Discussion in 'Stock Market Today' started by bigbear0083, Apr 1, 2016.

  1. bigbear0083

    bigbear0083 Content Manager

    But, nevertheless, this type of gain for the S&P 500 in Q1 is undoubtedly bullish. The S&P 500’s gain for 2019 Q1 is the 26th best quarterly gain for the index since 1930, 7thbest Q1 since 1949, largest Q1 gain since 1998 and the top quarterly gain since September 2009.

    As illustrated in the accompanying table the 44 prior times that the S&P 500 was positive in Q1 since 1949 resulted in 40 full-year gains and 4 losses for an average gain of 16.2% and gains for the remaining 9 months of the year 38 times out of 44 year with an average gain of 8.6%. The 18 years with Q1 gains between 5.5% and 13.9% are all followed by full-year gains with the only blemish in geopolitically charged 1956.

    The big black mark came from Black Monday 1987. 1956 was mired by the Hungarian Revolution and the Soviet invasion as well as the Suez Crisis, the Second Arab-Israeli War. 2011 was hindered by the international sovereign debt crisis, the U.S. debt-ceiling crisis and the resulting downgrade of U.S. credit rating. The dotcom bubble popped in the year 2000. Tepid growth and earnings declines created a mini bear in 2015 that bottomed in February 2016. And finally, the 1980-1982 double-dip recessions put U.S. stocks in abear market throughout 1981 that ended in August 1982.

    bigbear0083 Content Manager
    The first quarter returns for the S&P 500 were quite strong, but if you thought the market wouldn't have enough energy for a good encore, the first full week of Q2 proved otherwise. With gains on every trading day of the quarter's first week, the S&P 500 heads into Monday riding a seven-day winning streak and the first five-day winning streak to kick off a quarter since the beginning of 2018. Before that, though, you had to go all the way back to 2010 to find another quarter where the S&P 500 kicked off the quarter with a five-day winning streak.

    The table below shows every quarter in the post-WWII periods where the S&P 500 was up in the first five trading days of a quarter. For each period we show the date of the S&P 500's fifth trading day for that quarter, how long the winning streak was as of that date, and then how the S&P 500 performed over the following day, week, month, and quarter. While one would think that a strong 'first impression' for the quarter would lead to solid gains going forward, the results don't back that up. in the 26 prior periods shown, the S&P 500 actually saw an average decline of 0.12% on the sixth trading day of the quarter with gains less than half of the time. One week later, the S&P 500 saw an average gain of just 0.05% (median: 0.23%) with positive returns just under 58% of the time.

    Moving out three months, the S&P 500's average and median return are both over 1.3%, but here again, the S&P 500 was only up less than 60% of the time. That's hardly anything to get excited about, although the one silver lining is that more recently, the S&P 500's average return is considerably better. In the last thirty years, the S&P 500 has seen positive returns over the next three months in eight out of eleven periods for an average gain of 3.2%.


    bigbear0083 Content Manager

    After the best first quarter for the S&P 500 Index since 1998, the big question is: What happens next?

    The December Low Indicator was created in the 1970s by Lucien Hooper, a former Forbes columnist and Wall Street analyst. Simply put, the indicator says that if the S&P 500 closes beneath the December low during the first quarter, it’s a warning sign for potential weakness over the balance of the year. The flipside is if it doesn’t, good times could be coming. Given the S&P 500 just went all of the first quarter without closing beneath the December 24 low, it’s worth taking a deeper dive.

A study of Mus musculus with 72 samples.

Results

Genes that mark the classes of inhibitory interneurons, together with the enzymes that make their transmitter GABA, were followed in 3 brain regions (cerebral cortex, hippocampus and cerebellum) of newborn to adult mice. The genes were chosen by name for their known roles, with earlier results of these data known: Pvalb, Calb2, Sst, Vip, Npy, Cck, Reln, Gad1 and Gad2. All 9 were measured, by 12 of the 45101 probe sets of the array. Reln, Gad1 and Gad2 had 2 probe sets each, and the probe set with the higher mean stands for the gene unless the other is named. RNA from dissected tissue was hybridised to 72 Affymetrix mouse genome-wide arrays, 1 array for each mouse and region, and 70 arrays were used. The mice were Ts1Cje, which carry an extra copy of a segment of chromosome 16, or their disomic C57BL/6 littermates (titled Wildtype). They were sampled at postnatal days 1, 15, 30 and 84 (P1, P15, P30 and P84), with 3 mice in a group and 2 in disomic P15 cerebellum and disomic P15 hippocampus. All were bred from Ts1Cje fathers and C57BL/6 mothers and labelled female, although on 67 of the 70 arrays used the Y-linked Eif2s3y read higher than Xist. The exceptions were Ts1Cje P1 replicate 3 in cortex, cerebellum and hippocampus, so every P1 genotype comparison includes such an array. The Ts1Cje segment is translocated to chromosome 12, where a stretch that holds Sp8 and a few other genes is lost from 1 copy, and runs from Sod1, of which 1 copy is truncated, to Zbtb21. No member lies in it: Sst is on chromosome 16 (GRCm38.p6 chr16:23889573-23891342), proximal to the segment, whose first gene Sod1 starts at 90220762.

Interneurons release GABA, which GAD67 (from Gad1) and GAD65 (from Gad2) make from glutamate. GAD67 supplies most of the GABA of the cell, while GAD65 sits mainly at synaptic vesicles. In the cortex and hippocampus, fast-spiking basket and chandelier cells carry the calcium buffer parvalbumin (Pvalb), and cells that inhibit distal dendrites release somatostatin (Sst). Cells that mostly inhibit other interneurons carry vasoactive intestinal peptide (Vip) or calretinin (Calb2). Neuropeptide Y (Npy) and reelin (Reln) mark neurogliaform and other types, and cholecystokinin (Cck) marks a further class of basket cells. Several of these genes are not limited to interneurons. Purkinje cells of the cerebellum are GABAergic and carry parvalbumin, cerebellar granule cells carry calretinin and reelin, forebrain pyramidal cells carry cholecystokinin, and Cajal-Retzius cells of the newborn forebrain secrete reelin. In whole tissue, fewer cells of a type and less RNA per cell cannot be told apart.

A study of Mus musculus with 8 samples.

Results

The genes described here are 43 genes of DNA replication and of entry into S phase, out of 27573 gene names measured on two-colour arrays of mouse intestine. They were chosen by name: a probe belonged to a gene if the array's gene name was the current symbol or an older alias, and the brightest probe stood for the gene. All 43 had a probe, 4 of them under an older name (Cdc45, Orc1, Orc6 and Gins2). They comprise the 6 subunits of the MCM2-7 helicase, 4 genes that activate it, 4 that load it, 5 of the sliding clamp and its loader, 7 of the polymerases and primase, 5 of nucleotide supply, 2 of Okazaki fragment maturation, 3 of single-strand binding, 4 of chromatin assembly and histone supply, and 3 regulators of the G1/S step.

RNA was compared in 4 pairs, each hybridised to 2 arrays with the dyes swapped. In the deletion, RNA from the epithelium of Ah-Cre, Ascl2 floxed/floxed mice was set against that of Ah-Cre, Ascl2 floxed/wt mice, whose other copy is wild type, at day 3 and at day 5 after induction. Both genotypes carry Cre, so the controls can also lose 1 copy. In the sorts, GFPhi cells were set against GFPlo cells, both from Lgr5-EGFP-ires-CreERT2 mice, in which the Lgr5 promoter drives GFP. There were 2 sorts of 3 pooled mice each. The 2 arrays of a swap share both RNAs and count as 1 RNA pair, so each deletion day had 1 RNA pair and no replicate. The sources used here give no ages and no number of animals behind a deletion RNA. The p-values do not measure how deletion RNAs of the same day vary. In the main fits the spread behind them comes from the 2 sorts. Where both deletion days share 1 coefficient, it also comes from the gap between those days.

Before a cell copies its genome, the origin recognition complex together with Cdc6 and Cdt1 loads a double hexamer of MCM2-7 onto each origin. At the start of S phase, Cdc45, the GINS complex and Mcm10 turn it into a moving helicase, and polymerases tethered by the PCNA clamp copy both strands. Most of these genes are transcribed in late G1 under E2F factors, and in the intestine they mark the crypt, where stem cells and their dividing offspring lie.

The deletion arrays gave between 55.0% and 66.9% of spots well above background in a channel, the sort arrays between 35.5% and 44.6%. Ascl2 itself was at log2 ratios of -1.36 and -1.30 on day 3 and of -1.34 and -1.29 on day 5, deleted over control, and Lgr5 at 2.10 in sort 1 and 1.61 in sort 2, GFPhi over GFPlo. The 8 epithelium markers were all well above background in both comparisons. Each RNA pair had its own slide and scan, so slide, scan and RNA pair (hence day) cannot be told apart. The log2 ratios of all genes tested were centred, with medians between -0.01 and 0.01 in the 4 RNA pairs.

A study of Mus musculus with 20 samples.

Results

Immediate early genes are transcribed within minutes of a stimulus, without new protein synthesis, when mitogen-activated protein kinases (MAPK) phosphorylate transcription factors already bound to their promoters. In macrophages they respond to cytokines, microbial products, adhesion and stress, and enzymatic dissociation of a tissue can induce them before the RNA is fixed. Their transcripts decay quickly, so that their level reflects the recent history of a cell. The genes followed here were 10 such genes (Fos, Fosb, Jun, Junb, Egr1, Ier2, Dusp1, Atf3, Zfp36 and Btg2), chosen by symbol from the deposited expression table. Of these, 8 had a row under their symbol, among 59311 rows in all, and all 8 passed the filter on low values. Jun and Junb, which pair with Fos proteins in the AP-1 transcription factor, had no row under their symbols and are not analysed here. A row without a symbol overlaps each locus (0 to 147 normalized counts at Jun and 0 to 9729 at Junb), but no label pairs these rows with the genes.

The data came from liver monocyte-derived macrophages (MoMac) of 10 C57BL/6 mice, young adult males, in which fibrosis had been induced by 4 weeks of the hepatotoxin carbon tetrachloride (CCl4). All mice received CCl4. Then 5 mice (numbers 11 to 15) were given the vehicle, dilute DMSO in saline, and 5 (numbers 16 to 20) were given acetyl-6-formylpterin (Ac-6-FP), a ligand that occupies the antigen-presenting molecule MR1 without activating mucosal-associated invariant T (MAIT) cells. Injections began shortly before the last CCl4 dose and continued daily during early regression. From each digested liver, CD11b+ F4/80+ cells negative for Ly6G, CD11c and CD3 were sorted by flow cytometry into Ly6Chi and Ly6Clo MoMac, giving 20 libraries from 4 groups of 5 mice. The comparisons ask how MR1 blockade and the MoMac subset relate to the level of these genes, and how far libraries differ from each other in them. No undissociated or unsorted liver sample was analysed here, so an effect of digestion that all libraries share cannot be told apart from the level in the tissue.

Sure enough, there appears to be some truth to this concept. “The December low indicator seems quite simple, but it has a tremendous track record,” explained LPL Senior Market Strategist Ryan Detrick. “When the S&P 500 stays above the December lows throughout the first quarter, the full year has been higher an incredible 34 out of the last 34 times, which bodes well for 2019.” In fact, this warning even worked last year, as it triggered in the first quarter of 2018 and eventually played out during the big fourth quarter sell-off.

    As our LPL Chart of the Day shows, when the S&P 500 stays above the December lows in the first quarter, the full year does quite well.


    bigbear0083 Content Manager

    Early April trading is usually positive for the first 4 days then flattens off until mid-month. Then the market tends to surge from the tenth to the fifteenth trading days. DJIA tends to close out the month strongest with NASDAQ closing weakest.

    Except for DJIA weighed down by Boeing (BA), stocks are having an above average month so far, which is quite typical in Pre-Election years where April has tended to be even stronger.
     

    bigbear0083 Content Manager

    bigbear0083 Content Manager
    Thu, Apr 18, 2019

    Just when you thought last week's Initial Jobless Claims couldn't get much better, this week's release smashed estimates once again! Seasonally adjusted initial claims came in at the lowest reading since September of 1969 at 192K, well below estimates of 205K. That is the third week in a row where claims have come in below forecasts by at least 10K. That is something that has only happened two other times in the past decade; once in 2009 and again in 2014. Whereas this is the second straight week of sub-200K readings, it is also the 80th straight week of readings at or below 250K (the second best streak on record) and 215th below 300K (a record streak). Continuing Claims are mirroring strong initial claims coming in at their strongest level since October of last year.